What Are You Doing Here? | The Ache of Failure | Restore Me
I don’t understand myself, for I want to do what is right, but I don’t do it. Instead, I do what I hate. Romans 7:15
Read that verse again. Have you ever felt that way? Romans 7 is Paul’s description of the inner fight between soul and spirit in the Christian. If we’ve grown at all in our faith, we’ve had times when we heard a great sermon, lost ourselves in worship, or read a scripture passage that made us want to put on our devil-stomping boots. Especially after a conference, leading someone to Christ, or rededicating our lives, we coast for a while on a spiritual high. Like Peter, we believe with our whole hearts that we will never fail the Lord again. How could we when we feel so spiritually energized?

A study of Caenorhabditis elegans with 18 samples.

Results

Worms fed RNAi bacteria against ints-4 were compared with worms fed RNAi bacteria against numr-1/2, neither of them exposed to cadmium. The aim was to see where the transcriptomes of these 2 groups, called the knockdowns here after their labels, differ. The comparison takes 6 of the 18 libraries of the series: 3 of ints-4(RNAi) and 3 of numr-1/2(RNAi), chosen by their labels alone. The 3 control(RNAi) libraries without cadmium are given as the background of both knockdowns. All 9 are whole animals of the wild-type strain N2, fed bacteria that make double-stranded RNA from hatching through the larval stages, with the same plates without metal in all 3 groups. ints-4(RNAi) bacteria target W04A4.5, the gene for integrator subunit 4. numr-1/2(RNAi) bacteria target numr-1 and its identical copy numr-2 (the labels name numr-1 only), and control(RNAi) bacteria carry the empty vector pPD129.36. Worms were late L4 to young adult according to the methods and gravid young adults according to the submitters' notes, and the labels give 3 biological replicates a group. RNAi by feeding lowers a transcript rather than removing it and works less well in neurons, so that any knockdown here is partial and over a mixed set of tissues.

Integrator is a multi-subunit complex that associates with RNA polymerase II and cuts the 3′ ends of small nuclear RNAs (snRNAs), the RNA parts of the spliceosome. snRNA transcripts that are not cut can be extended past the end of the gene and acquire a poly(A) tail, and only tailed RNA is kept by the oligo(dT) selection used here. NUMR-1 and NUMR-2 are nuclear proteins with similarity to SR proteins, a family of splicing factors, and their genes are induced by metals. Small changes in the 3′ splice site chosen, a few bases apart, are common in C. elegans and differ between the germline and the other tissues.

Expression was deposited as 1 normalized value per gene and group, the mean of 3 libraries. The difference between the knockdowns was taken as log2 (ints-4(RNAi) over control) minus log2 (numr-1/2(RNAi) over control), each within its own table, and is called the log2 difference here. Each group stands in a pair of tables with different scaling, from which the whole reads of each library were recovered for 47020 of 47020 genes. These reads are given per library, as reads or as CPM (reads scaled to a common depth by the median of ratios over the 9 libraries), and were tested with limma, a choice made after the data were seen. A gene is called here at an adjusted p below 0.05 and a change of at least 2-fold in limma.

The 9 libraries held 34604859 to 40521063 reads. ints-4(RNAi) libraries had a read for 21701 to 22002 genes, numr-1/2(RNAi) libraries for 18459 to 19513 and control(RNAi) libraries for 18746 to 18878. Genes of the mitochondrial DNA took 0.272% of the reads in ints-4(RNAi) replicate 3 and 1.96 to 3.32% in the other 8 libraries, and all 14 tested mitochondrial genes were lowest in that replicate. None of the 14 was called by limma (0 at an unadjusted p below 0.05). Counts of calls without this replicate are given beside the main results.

Then we do. It may start as a small thing—a foul word, a hateful response, too much to drink—but it leads to bigger things. Before we know it, we’re hardening our hearts and plunging deeper into disobedience. When we come to our senses, we’re filled with self-loathing: “Why did I go there? Why did I take that pill? Why did I say yes when I should have said no? How can I stop this spiritual yo-yoing?” Paul’s solution is in verse 25: “Thank God! The answer is in Jesus Christ our Lord.” Paul learned that self-condemnation is not from God; repentance and restoration is. He found that over-confidence only leads to failure and that a healthy fear of his own sinful nature kept him totally dependent upon the Holy Spirit. We will never fully overcome our sinful flesh while on this earth. It’s a lifetime battle, but one that God is willing to fight for us as we continually surrender to Him.
Final Thought: When you fail yourself, God is not finished with you. Get up, confess it to Him, and let Him restore you.
Prayer: Lord, I’m thankful Romans 7 is in the Bible. You want me to know that failure isn’t fatal, but I need to put my confidence in the authority of Jesus over sin, not my own willpower. Restore me and make me stronger. In His name, Amen.